The debate over adolescent bariatric operations

by Tripp Underwood on April 15, 2011

Operations to treat obesity are proven to help in many cases but remain controversial

“What happened to young people being active? Don’t parents make young kids and teens go out and play anymore?”

“Why the heck aren’t these kids tossed in a gym and given reasonable, healthy food to lose weight? Americans are too desperate for a quick fix that they don’t have to put any effort into!”

These are just a few comments people made in reaction to a news story about teenage bariatric surgery. Though the commenters’ concerns aren’t entirely off base, the “Pick yourselves up by the bootstraps” mentality represents a lot of misconceptions about childhood obesity and its treatments. No one’s denying the importance of exercise and parental influence in the battle against childhood obesity, but citing it as the epidemic’s only contributing factors is a gross oversimplification.

For starters, maintaining a healthy weight involves a lot of elements, some of which are outside the control of parents and kids. Access to reasonably priced fresh fruits and vegetables and clean, safe parks for kids to play in (not to mention enough parental free time to cook and play with kids) are important for fighting obesity. Without them many families are at a distinct disadvantage for helping their children maintain a healthy weight. And while science doesn’t fully understand all the factors that lead to patients becoming morbidly obese, it’s believed the cause is a combination of genetic predisposition and environmental factors, much like many other medical conditions. It’s an issue of national concern, and in the most severe obesity cases, bariatric surgery may be the most medically sound option.

Brad Linden, MD

“The medical community has long debated the ethics of bariatric surgery for young patients, but that debate is coming to an end because we now have data to indicate that, in select cases, the health benefits of bariatric surgery outweigh the risks in adolescent patients,” said surgeon Bradley Linden, MD, director of the new Adolescent Bariatric Surgery Program at Children’s Hospital Boston. “When left untreated, severe obesity can lead to serious medical conditions like type 2 diabetes, high blood pressure and cholesterol and fatty liver disease. But there’s a window of time where the long-term effects of morbid obesity are more reversible, which leads us to believe that earlier intervention is important. It has gotten to a point where we worry that if we don’t offer bariatric surgery to these patients, we may be withholding life-saving therapy.”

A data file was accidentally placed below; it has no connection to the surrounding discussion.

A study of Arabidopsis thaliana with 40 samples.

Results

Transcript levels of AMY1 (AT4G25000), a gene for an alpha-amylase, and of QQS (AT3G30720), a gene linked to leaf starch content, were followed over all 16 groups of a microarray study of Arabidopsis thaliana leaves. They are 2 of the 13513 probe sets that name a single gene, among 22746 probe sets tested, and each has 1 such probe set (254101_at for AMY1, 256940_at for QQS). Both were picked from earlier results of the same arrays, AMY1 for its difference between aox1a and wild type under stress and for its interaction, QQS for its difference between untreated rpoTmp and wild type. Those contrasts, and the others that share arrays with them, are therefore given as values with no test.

The Children’s program will focus primarily on three different laparoscopic weight loss operations, but based on the program’s strict guidelines, only a small number of patients will be eligible. In general, the candidate must have a body mass index (BMI) of 35 or greater, suffer from obesity-related health conditions, been unable to lose weight through other medically supervised dietary and exercise programs and show a strong willingness to alter their diet and lifestyle permanently.

“Bariatric surgery is a commitment to healthy lifestyle, not just a few hours in the operating room and a week or two of recuperation,” says Linden. “The right diet and exercise figure prominently into treatment because without a commitment to change, patients can end up not achieving what they need for their health after enduring the risks associated with having an operation.”

A permanent commitment to a healthy lifestyle is a required for bariatric operations to be successful.

As with any operation, bariatric operations have risks. Studies show short and long-term complications may include infection, hernias and, if patients do not follow-up closely with their program, vitamin and nutritional deficiencies. These are serious concerns, but for a Children’s patient to be approved for weight loss surgery, Linden says much effort will have already been taken to ensure that the benefits will be far greater than the risks.

“Complications like pneumonia, infection and post-operative hernias are rare for these operations, but they are always on our radar,” he says. “Our pediatric surgical team is well equipped to manage risks before, during and after surgery.”

As long as the obesity epidemic continues to adversely affect the long-term health of children and strain America’s healthcare system, conversations about adolescent bariatric surgery will continue. But by better informing people about the science and facts behind obesity and its treatment it’s possible that we can shift the tone of the discussion. By looking at obesity and obesity treatment in a more individualized way, instead of as a blanket issue, may be we can initiate conversations that are more focused on personal solutions than assigning blame.